Yohsuke Hatano’s

Road to Tokyo 2020 Olympic Games

The 2020 Summer Olympics, Tokyo 2020, will be held from 23 July to 8 August 2021 in Tokyo, Japan. In the run-up to the biggest sporting event, we catch up with our AISTS alumni playing a vital role at the Tokyo 2020 Olympic and Paralympic Games.

This week’s AISTS Road to Tokyo 2020 series is Yohsuke Hatano who graduated from the MAS class of 2017. Before studying in Lausanne, Yohsuke had worked for around 5 years in the sport industry. We caught up with Yohsuke to talk about his journey at the Tokyo Olympic Games.

Tell us about your current role in/for coming Tokyo 2020

I have been a part of the Beach Volleyball Event team since 2018. Since then, my main role was to closely communicate with the organizing committee of the Games to ensure all the preparation is on track based on the delivery plan. At the Games, I will be assigned as one of the International Technical Officials for the Beach Volleyball competition.

What is your typical day like?

My typical day starts with checking emails, going through the documents and requirements for our competitions which can be our World Tour events, can be Tokyo Olympic Games, but main tasks are the pre-coordination and alignment with the event / tournament organizer for close preparation and smooth operation at the international competitions.

What’s the best part of your job?

I played volleyball since the age of 10, up to high school in Japan. I truly enjoyed this team sport, and my passion for this sport has never faded since. The best part of my job is being a part of the organization and the international event organization, which support establishing the foundation with quality for the future development of the sports on a global scale. 

Tell us your journey so far from Lausanne to Tokyo 2020 since your graduation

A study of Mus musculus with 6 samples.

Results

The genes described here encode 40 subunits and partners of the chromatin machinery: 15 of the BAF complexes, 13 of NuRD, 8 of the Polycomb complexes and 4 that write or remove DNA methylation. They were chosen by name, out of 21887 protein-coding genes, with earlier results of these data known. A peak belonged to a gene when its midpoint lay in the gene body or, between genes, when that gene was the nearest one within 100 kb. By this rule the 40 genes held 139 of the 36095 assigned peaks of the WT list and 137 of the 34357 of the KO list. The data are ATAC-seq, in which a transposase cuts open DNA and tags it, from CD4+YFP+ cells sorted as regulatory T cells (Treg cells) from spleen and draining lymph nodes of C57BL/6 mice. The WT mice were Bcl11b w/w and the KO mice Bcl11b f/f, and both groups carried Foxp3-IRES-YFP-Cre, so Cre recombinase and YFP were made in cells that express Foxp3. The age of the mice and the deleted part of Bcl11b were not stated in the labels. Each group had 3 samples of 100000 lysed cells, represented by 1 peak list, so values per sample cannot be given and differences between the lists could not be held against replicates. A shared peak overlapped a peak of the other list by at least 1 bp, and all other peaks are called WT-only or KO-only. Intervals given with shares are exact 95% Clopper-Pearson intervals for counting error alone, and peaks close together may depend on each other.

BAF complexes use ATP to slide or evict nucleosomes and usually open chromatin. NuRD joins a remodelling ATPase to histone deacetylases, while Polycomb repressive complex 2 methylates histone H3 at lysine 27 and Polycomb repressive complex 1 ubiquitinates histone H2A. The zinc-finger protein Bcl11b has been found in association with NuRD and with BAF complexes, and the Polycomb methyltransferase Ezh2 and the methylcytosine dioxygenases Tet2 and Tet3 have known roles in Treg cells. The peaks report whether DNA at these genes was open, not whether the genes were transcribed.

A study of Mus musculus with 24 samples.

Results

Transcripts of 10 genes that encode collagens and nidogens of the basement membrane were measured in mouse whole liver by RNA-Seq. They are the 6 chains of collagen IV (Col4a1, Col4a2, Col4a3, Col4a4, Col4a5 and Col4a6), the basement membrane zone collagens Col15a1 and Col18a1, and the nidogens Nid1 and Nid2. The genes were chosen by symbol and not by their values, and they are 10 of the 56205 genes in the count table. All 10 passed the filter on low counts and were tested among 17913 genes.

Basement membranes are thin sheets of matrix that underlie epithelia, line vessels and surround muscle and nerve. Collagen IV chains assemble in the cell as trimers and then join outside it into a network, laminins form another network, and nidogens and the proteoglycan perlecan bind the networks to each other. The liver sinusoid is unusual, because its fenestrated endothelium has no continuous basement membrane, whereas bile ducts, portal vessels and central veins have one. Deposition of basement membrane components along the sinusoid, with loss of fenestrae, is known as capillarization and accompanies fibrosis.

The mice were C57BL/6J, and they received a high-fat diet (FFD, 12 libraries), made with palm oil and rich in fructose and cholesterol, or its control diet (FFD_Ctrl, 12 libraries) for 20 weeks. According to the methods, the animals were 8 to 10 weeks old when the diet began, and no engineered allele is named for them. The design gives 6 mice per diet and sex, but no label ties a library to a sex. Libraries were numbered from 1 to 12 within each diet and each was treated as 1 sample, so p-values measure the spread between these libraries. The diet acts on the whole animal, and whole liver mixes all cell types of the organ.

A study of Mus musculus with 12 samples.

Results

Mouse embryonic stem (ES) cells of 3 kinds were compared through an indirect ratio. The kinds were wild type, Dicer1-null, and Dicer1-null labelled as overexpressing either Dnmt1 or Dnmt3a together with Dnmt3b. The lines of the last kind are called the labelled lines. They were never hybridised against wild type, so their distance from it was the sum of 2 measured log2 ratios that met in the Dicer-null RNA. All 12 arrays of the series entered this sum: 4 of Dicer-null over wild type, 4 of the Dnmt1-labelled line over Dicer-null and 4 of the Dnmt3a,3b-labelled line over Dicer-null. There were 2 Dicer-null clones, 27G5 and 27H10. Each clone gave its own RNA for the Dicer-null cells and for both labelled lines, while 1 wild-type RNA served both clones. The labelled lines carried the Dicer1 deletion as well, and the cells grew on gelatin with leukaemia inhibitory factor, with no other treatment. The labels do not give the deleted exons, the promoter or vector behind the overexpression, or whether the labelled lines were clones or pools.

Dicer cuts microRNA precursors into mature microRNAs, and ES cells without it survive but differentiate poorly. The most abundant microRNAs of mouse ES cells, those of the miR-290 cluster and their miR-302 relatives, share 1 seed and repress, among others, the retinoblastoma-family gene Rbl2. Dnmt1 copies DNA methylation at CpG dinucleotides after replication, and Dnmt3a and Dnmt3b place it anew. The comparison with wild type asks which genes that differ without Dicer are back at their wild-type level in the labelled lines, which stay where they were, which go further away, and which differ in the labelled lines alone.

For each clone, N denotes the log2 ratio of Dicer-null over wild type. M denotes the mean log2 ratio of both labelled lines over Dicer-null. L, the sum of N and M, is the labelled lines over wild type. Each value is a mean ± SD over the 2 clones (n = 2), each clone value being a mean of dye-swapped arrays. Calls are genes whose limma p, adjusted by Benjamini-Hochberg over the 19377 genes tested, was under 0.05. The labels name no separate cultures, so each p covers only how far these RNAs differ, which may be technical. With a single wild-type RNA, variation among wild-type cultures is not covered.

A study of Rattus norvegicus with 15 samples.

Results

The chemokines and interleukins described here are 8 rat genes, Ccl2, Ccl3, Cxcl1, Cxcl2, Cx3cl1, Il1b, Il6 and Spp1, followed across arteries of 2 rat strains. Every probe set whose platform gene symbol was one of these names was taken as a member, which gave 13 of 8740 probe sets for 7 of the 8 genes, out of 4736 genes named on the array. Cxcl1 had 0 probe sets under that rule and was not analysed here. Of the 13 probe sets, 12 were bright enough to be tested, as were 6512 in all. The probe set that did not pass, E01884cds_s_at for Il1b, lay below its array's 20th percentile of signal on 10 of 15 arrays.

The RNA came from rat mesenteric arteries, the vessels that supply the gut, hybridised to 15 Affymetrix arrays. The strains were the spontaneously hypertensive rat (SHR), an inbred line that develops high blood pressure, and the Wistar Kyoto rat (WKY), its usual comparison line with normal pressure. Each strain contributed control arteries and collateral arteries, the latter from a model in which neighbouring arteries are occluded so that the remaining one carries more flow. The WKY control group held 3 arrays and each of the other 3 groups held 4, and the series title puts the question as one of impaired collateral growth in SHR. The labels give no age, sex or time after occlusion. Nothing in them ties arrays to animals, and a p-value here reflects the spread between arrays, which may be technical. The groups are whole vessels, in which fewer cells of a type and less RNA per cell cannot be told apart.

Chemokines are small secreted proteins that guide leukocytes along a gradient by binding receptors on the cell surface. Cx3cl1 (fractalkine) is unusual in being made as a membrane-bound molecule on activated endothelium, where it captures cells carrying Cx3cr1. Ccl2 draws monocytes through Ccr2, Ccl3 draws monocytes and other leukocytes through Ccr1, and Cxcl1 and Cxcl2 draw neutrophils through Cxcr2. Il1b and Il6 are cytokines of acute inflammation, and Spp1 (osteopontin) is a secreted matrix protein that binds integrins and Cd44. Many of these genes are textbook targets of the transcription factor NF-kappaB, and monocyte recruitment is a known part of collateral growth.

I graduated AISTS with the class of 2017. Thanks to AISTS and its Team Projects, I was assigned to a project with the FIVB, which enabled us to get the real-feel and understand the sport environment better. Since then, followed by the extensional opportunity with FIVB, I joined the Beach Volleyball Events department which is overseeing the technical and organizational aspects of the Beach Volleyball discipline including the time during the Tokyo 2020.

AISTS Client Team Project 2017

What one thing did you learn at the AISTS that you still keep in mind for your work today?

My takeaway from the AISTS was very simple.  “Be flexible, be adaptable”. The sport industry is becoming more and more complex with the number of stakeholders involved, together with the fast-evolving technologies and communication platforms, there are many occasions you will be required to “be flexible” and “be adaptable” to find the best possible solution. Also, the environment within the International Federation is very dynamic, so that you will be working with people from all over the world including your colleagues. Spending the 15 months and collaborating with classmates at AISTS offered me the opportunities to understand the difference in culture, background, and work ethics. 

Do you have any advice for those looking at the next step in their sport management career and wanting to be part of the Olympic Movement?

It is often said that people will look at others and say “he/she is lucky”. I personally believe you have to earn luck by taking action. Without the first step taken in 2016 applying to the AISTS, I would not be where I am today after 5 years. If you are looking into the opportunities in Olympic Movement, you shall consider your future with AISTS to open the door for you in Lausanne, the Olympic Capital.

Experience the world of sport in the Olympic Capital

Participants attend several full-day workshops throughout the programme to experience sport. These sessions are delivered by the sport organisations and federations themselves and provide a unique hands-on experience and well as an ideal opportunity to connect to our alumni and experts working in the industry.